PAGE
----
The Peter G. Dodge Foundation (PGDF) will sponsor The Addicted Brain and New Treatment Frontiers: Sixth Annual Aspen Brain Forum, presented by the New York Academy of Sciences, Science Translational Medicine, and The Aspen Brain Forum Foundation, to be held in New York City May 18-20, 2016. The conference, held at the Academy and via simulcast Webinar, will explore research that suggests that drug and alcohol addiction-which contributes to the death of more than 90,000 Americans annually-is strongly related to neurobiological changes in the brain, and will push progress on the nascent field of neuroscience-based therapeutic strategies. Keynote speakers include Dr. Nora Volkow, Director of the National Institute on Drug Abuse, and Dr. George Koob, Director of the National Institute on Alcohol Abuse and Alcoholism.
PGDF’s sponsorship is in support of a lecture by Dr. A. Thomas McLellan, entitled Healthcare Systems and Policy in the Management of Care for Addiction. Dr. McLellan is the founder and Chairman of the Board of the Treatment Research Institute, and served as the Deputy Director of the Office of National Drug Control Policy under the Obama administration. He has been leading efforts to integrate treatment of substance use disorders into mainstream healthcare for many years.
Healthcare Systems and Policy in the Management of Care for Addiction
A. Thomas McLellan, PhD, Treatment Research Institute, Philadelphia, Pennsylvania, United States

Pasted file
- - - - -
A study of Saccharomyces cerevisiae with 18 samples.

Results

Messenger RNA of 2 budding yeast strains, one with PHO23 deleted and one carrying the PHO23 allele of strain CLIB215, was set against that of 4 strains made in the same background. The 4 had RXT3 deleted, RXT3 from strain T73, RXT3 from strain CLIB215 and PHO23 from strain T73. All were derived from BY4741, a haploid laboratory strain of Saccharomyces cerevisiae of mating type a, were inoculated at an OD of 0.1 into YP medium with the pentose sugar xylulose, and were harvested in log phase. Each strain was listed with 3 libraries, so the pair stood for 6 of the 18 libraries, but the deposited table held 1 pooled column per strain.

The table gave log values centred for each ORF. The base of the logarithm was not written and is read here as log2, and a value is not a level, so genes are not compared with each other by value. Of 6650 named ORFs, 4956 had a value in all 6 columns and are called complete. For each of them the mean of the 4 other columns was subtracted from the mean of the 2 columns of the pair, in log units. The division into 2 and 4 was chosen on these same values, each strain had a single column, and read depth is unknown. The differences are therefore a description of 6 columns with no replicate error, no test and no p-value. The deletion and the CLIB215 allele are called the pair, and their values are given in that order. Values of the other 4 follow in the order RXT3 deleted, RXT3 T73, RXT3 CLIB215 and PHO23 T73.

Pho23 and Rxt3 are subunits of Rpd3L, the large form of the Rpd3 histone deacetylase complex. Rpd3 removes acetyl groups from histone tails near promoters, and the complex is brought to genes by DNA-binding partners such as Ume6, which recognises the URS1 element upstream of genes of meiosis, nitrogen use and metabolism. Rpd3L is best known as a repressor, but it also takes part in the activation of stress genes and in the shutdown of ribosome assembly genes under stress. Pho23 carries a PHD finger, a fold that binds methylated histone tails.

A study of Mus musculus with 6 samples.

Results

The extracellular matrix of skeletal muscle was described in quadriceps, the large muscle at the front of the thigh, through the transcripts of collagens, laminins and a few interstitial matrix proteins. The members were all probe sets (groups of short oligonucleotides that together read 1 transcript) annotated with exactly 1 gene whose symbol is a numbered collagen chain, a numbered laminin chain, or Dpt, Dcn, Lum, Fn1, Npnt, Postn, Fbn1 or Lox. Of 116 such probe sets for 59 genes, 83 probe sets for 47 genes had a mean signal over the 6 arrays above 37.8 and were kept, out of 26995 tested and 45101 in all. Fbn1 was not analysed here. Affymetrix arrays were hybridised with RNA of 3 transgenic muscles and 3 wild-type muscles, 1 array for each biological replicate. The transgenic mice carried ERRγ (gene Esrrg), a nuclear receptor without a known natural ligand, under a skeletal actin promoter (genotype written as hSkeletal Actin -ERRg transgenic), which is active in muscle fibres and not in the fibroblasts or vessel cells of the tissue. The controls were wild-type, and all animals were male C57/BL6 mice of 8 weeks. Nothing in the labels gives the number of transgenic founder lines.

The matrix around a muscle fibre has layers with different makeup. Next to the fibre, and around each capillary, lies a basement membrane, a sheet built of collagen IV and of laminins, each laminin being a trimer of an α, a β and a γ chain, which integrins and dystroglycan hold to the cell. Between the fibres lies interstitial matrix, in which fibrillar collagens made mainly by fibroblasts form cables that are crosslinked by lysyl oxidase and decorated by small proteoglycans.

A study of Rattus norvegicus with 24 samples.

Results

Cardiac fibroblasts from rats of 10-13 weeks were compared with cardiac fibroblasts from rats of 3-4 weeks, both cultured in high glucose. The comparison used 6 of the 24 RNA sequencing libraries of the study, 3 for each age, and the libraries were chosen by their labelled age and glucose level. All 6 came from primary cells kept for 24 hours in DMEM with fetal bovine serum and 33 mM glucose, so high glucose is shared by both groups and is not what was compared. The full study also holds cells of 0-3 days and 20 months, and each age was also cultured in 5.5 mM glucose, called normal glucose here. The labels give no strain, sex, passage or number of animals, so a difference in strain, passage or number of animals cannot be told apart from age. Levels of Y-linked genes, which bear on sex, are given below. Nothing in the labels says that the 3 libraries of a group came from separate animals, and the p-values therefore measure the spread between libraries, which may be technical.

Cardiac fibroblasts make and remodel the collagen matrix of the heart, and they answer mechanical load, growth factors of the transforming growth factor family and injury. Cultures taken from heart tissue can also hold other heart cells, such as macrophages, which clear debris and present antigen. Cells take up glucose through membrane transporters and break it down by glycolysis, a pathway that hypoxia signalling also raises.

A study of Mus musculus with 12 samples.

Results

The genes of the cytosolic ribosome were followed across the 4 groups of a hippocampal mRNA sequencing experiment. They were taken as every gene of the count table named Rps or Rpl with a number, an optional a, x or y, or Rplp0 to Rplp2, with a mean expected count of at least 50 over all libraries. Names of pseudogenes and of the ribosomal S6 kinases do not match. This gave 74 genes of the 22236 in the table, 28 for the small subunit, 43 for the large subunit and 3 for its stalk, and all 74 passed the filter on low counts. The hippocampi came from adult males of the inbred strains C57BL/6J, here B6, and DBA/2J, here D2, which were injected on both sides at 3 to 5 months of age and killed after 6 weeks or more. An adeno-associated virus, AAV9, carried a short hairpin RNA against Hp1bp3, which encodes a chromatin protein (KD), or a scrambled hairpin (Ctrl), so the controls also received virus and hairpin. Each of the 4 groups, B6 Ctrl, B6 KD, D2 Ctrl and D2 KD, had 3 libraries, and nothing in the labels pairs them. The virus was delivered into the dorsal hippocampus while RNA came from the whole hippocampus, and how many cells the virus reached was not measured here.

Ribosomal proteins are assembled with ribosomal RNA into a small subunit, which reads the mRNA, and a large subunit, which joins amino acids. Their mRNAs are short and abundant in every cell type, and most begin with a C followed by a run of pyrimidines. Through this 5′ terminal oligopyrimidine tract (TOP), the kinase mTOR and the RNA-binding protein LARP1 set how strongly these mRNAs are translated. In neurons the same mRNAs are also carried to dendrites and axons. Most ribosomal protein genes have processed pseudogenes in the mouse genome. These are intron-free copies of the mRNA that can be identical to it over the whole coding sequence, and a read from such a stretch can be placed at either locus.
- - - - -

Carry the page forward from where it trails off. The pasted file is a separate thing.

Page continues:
Although substance use disorders are serious public health problems in their own right, and they affect the quality and costs of many other forms of healthcare, they have been segregated from the rest of mainstream healthcare. Most insurance plans have not fully covered addiction treatment and less than 10% of medical, nursing or pharmacy schools offer even a one-semester course in substance use disorders. Thus, specialty addiction treatment programs regularly fail to recognize and treat the medical problems that occur in over 50% of their patients; and general medical care regularly fails to recognize or address even severe addictions that occur in 20~60% of patients in healthcare settings. This has been a costly mistake. Unrecognized and unaddressed substance use disorders cost mainstream healthcare over $120 billion annually in misdiagnosis, poor adherence, rapid re-admissions to hospitals and fatal medical errors. The presentation will discuss the history and rationale behind this system segregation, detail some of the most significant healthcare management problems segregation has caused, and describe examples of how integrated care has increased the quality and reduced the costs of mainstream medicine.